One of the things I love about food is that it has the power to take us to times and places that might otherwise be forgotten. It’s an all-sensory experience. You see its shapes and shades, feel its textures, hear its crunch and sizzle, smell the warm aromas and, of course, taste its layers of flavors. All those things can be wrapped up in experiences to be triggered by a bite, a lick or scent. Pimiento cheese puts me in a farmhouse in Ohio when I was ten; when I smell or taste beets, I’m instantly transported to summer camp where we dyed twine with its striking purple juice. Food is so much more than just fuel to get through the day; it’s a memory box disguised as cake, a casserole or taco.
A couple years ago, I heard John Stirratt of Wilco speak about eating on the road. His most memorable dessert was maple rhubarb pie. That’s a hard one to wrap my head around — I couldn’t figure out if it came in the form of a typical fruit pie or if it was something more complicated like a custard pie involving this misunderstood fruit. But now that it’s rhubarb season, I can finally make an attempt at recreating his memory.
Just about everyone has had strawberry rhubarb pie, but it’s usually the strawberry that gets the attention because rhubarb isn’t used in many other dishes. Frankly, I’m not even sure how rhubarb made it onto the dinner table. It’s extremely tart, and most closely resembles chard (minus the leaves because the leaves are poisonous). But unlike chard, it’s pretty unpleasant to eat raw — it has to be cooked down, massaged and paired with something that can tame the tartness — typically sugar and strawberries.
Rhubarb has been cultivated in the United States since the 18th century, but I rarely see it on menus. I did have it once with panna cotta and pistachios at Ruxbin in Chicago, but other than that, my experience with it has been very limited. I have made rhubarb upside down cake (delicious) and once made rhubarb butter sauce to go on chicken, but what I’ve learned is that It takes a whole lot of something else to make it palatable.
I have no idea what it was that Stirratt was served — there are few (if any) maple rhubarb pie recipes on the internet, so my interpretation is a tart because I can’t imagine rhubarb pie filling without strawberries to balance rhubarb’s hostile flavors.
For rhubarb, it’s almost impossible to add too much sugar, so the tart dough I used is pȃte sucrée that I (very loosely) adapted from the Bouchon Bakery Cookbook. This is very French — it’s sweet and crunchy like a cookie to offset what I anticipate to be a fairly fruity, gooey filling.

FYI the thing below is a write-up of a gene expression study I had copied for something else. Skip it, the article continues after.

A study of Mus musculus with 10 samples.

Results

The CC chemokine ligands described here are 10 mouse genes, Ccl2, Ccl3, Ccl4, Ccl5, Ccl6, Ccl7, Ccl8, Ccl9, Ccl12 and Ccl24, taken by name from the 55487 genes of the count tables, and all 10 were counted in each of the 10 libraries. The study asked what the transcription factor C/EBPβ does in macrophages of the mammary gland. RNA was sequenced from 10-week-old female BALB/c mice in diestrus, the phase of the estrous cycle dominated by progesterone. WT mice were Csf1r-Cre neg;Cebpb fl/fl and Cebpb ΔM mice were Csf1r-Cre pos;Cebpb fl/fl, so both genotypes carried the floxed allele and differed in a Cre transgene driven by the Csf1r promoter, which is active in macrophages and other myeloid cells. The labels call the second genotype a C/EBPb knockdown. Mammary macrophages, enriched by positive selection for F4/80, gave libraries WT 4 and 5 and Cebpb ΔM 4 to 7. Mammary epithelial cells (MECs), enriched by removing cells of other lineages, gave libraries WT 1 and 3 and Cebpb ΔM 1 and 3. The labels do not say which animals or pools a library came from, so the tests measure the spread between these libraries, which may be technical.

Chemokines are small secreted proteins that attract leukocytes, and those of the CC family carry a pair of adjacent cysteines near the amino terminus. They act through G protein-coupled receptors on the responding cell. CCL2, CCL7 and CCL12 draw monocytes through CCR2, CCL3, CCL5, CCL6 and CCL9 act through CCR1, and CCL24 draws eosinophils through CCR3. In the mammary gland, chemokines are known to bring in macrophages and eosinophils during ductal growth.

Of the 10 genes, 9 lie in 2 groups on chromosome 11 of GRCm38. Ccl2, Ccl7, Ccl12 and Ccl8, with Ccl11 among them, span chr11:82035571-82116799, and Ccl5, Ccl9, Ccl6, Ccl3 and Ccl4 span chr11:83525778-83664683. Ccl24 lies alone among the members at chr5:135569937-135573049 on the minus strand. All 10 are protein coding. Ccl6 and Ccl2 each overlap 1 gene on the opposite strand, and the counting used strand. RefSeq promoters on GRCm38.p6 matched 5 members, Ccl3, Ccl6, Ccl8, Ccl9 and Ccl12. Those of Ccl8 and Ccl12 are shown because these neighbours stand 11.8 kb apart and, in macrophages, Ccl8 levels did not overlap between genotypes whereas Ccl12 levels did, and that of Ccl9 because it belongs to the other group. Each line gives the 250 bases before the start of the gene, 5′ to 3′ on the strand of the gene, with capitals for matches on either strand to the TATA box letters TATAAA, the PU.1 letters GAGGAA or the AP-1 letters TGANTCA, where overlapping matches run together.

Caveat: If you bake and don’t use a scale, I highly recommend it; it’s so much more accurate and makes measuring so much less complicated and recipes like this are much less intimidating — in this case, I used a smart scale by Drop, which is an excellent kitchen tool.
- 4 oz + 1 TB Flour
- ½ oz, 1 oz Powdered sugar
- ½ oz Cashew meal
- 2 oz + 1 TB Butter (unsalted)
- ⅔ Egg
With a stand mixer fitted with the paddle attachment, beat the butter until it’s soft and smooth (it doesn’t have to be cold!). Sift ½ oz of the powdered sugar into the butter and beat for another minute or so, making sure to scrape down the sides of the bowl. Sift together the remaining sugar, flour and cashew meal.
On low, speed, continue to beat the butter and slowly add the dry ingredients until it looks like wet sand. Add the egg to bring it all together. Transfer to a work surface and knead for a minute or so before forming a ball. Wrap in plastic and refrigerate at least two hours.
- 1 TB Unsalted Butter
- ¼ cups Rhubarb, chopped
- 2 TB dark rum
- ½ cup maple syrup
- ½ tsp Vanilla Extract
- 2 TB All-purpose Flour
- ¼ cup Granulated sugar
- ⅛ tsp Molasses
- ½ cup All-purpose flour
- ½ tsp Cinnamon
- 3 TB Butter, cut into pieces
Preheat the oven to 375F°.
Roll out the dough. (It’s enough for one 8” tart, but I portioned it for three 4.5” tarts and used the scraps to make two 3” tarts). Lay out the dough on the tart pans, and press the dough around the edges. Line with parchment paper and fill them with weights (I used uncooked rice). Blind bake crust for about 10 minutes.
Pour the filling into the tart shells. Bake for another 10 minutes.
Sprinkle the topping onto the half-baked tarts. Return to the oven for another 20 minutes. It’s done when the filling is bubbly and the topping is lightly browned.
Set aside to cool. Serve with coffee and unsweetened whipped cream.
When I first moved to Chicago, I listened to Wilco’s Summerteeth and Yankee Hotel Foxtrot constantly. I don’t listen to them anymore, but when I hear Kamera or Via Chicago, it takes me back to a time and place I can’t forget and don’t want to forget… much like the Maple Rhubarb Pie does for John Stirratt. Though I didn’t make it a pie, it is a pretty incredible little tart and I totally understand why it stuck with him.